U.S. President Donald Trump is weighing a pardon for former national-security adviser Michael Flynn, who pleaded guilty in 2017 to lying to the FBI over his contacts with Russians, U.S. media have reported.
Trump has told aides he plans to include Flynn in a series of pardons he will issue in the final days of his presidency, Axios and The New York Times reported on November 24, citing unidentified sources.
Flynn’s secret talks with the Russian ambassador to Washington in December 2016 were a cornerstone of the investigation into Moscow’s meddling in the 2016 U.S. presidential election and whether there had been any coordination between the Trump campaign and the Russian government in the election.
Trump fired Flynn in February 2017, but the president has claimed the investigation was a political “witch hunt” and that Flynn was a “good man.”
Flynn, a retired Army general and former head of the Defense Intelligence Agency, twice pleaded guilty to lying to the FBI about interactions he had with Russia’s ambassador to the United States during the presidential transition in late 2016 and early 2017.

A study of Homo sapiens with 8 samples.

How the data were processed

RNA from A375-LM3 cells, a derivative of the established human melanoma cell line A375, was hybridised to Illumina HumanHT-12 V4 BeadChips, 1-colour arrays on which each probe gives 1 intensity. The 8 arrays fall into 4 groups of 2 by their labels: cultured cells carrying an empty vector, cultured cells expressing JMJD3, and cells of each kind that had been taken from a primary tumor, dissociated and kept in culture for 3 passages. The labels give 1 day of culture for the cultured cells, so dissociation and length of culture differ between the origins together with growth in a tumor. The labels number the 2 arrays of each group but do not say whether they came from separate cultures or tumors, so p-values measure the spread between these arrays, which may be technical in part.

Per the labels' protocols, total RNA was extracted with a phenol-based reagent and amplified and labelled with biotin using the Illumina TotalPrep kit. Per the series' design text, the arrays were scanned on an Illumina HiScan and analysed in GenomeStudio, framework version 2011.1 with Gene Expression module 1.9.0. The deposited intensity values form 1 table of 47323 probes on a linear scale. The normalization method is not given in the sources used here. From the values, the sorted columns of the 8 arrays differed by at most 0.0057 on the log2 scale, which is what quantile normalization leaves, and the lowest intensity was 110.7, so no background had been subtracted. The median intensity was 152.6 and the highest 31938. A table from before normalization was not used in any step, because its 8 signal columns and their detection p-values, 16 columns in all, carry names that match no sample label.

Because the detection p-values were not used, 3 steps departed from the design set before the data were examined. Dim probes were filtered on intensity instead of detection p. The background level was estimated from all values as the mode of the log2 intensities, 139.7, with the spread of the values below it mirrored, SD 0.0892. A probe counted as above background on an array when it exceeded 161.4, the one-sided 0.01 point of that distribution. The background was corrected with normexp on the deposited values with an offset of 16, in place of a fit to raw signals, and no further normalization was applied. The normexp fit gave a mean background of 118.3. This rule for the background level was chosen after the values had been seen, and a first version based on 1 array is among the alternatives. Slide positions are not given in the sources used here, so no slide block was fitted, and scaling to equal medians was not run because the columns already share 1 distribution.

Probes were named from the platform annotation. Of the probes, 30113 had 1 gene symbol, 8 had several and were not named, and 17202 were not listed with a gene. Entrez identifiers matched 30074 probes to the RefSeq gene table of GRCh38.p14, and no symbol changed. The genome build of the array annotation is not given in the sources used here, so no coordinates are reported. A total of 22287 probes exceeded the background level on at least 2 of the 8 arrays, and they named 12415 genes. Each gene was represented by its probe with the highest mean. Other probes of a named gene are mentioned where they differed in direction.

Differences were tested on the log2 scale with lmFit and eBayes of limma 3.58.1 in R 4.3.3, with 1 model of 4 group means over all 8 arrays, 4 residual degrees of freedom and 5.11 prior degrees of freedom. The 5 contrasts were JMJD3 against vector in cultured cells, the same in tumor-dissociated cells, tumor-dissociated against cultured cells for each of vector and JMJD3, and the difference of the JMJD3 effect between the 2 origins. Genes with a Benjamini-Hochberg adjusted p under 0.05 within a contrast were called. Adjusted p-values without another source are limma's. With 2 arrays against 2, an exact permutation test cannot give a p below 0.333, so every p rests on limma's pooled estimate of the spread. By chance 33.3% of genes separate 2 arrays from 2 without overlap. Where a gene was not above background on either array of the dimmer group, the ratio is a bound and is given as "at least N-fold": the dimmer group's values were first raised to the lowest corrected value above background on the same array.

But he has sought to withdraw the plea, arguing that prosecutors violated his rights and duped him into a plea agreement.
In May, the Justice Department withdrew its case against Flynn, saying the alleged lies to the FBI were not significant. But the federal judge who presided over Flynn’s case has demanded a further judicial review of the matter.
A pardon from Trump would take the matter out of the courts.
Trump on July 10 commuted the sentence of Roger Stone, a former Trump adviser, just before he was due to report to prison. He faced a sentence of three years and four months for lying to Congress, witness tampering, and obstructing the House investigation into whether the Trump campaign colluded with Russia to win the 2016 election.
The presidential grant of clemency stopped short of a full pardon.
Though the special counsel’s report on the investigation detailed multiple interactions between the 2016 Trump campaign and Russia, it found insufficient evidence to establish a criminal conspiracy between the campaign and the Kremlin to tip the election.
Based on reporting by Axios, The New York Times, AFP, and Reuters
This post was originally published on Radio Free.